Botswana security forces attempt to intimidate Kalahari Bushmen

By agency reporter
May 10, 2012

Botswana’s security forces are arresting and intimidating Bushmen, despite the tribe’s legal right to live and hunt in the Central Kalahari Game Reserve (CKGR).

Survival International, the NGO which campaigns for the right of tribal people, has received several reports that a large group of police officers have set up a permanent camp close to the community of Metsiamenong, which previously resisted Botswana’s brutal evictions.

So far police have made at least five arrests after finding hunted meat in the community. No charges have been brought so far. Soldiers and paramilitary police are also reported to be in the reserve.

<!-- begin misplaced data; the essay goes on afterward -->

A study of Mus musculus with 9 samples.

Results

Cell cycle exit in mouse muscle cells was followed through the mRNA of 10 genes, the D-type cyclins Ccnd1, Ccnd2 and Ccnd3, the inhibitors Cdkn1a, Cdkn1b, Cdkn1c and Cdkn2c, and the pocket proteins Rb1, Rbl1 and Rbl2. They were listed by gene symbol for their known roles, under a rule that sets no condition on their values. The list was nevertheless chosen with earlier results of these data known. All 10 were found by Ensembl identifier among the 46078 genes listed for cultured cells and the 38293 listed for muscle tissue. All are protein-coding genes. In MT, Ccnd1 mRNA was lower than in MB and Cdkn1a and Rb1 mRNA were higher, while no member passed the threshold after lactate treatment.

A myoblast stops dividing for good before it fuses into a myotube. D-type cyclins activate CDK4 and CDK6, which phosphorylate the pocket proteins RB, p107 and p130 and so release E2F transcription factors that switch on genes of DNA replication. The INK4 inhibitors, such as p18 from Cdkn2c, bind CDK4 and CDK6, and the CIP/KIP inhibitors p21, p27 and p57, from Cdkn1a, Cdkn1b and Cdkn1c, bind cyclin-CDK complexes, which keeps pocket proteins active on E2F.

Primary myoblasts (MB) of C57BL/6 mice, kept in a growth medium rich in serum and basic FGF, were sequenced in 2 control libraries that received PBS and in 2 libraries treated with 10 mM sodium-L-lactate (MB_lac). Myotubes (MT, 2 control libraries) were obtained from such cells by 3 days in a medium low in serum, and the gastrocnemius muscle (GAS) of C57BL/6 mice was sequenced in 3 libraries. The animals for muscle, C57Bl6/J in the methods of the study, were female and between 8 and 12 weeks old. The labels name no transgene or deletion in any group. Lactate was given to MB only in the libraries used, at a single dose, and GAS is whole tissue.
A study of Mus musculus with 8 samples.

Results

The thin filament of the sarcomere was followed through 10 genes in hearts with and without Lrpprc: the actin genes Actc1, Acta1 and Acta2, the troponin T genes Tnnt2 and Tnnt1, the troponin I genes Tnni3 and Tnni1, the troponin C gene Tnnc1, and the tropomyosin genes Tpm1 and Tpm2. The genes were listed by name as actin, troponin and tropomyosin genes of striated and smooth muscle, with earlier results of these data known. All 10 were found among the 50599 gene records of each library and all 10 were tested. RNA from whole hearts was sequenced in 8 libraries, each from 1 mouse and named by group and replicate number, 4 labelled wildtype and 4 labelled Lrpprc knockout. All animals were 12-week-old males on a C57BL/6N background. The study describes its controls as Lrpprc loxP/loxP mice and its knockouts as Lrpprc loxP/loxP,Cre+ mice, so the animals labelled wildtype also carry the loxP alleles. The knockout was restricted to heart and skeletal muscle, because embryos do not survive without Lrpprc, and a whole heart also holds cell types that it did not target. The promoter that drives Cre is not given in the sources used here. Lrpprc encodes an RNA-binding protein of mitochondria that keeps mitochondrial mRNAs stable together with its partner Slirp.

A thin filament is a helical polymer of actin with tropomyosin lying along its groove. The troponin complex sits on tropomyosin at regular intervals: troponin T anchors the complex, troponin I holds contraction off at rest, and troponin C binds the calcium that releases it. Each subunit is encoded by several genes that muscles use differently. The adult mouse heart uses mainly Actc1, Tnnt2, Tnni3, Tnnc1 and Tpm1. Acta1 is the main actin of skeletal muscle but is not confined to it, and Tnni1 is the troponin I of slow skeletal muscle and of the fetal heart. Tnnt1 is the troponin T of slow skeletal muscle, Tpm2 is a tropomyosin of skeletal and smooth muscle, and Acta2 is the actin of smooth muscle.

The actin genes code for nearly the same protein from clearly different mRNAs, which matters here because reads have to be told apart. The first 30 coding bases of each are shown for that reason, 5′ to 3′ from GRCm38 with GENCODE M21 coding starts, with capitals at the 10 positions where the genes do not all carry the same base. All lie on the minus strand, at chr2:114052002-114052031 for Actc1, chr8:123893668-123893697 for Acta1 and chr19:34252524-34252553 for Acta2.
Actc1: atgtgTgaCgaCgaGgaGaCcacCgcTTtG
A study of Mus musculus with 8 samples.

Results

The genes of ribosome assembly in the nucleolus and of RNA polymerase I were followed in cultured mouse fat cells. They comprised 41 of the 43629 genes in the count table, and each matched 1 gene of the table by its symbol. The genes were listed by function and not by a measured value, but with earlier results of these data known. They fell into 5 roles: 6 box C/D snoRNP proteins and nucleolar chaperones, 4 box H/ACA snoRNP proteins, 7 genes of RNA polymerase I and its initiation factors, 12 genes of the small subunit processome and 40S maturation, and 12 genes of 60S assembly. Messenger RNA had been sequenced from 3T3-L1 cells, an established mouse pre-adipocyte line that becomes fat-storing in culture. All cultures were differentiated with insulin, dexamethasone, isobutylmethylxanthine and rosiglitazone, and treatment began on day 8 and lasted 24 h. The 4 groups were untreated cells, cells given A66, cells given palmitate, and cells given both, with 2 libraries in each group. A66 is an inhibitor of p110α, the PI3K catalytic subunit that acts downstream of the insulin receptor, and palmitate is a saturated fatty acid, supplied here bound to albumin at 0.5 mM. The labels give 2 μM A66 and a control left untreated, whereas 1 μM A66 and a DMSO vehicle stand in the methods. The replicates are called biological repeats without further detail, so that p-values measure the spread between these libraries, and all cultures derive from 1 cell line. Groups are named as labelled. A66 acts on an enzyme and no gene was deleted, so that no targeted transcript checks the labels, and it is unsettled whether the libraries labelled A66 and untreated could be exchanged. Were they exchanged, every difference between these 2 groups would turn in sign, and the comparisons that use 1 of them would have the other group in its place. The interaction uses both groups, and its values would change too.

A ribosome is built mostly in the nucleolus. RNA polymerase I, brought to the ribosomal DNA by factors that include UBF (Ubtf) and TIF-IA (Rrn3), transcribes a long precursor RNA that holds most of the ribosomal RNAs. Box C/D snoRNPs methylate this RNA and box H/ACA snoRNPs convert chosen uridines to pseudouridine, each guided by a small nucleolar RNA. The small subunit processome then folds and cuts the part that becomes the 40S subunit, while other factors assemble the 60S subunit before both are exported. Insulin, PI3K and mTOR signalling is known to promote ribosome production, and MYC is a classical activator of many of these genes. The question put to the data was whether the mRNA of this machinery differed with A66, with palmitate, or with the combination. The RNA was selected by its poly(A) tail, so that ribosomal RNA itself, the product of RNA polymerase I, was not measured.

Whilst the Bushmen are legally allowed to hunt inside the reserve, the government has made it impossible by unlawfully refusing to issue a single hunting permit.

One Bushman living inside the reserve said, "Since the arrests, the lives of the Bushman have changed significantly. The government has sent in armed forces to intimidate us, making our lives very difficult. We depend on the natural resources of the CKGR for our food. How are we expected to survive if we cannot hunt?"

Botswana’s High Court upheld the Bushmen’s rights to their land in 2006 after a long legal battle, but it was not until 2011 that they won the right to access water.

Government officials had sealed the tribe’s well in an effort to drive them from the reserve, resulting in the death of at least one tribeswoman close to Metsiamenong.

Survival’s Director Stephen Corry said today (10 May), "We are extremely concerned by reports that Botswana’s security forces have set up a camp close to Metsiamenong. This is a clear attempt to intimidate and undermine the human rights the Bushmen battled to save. It will not succeed."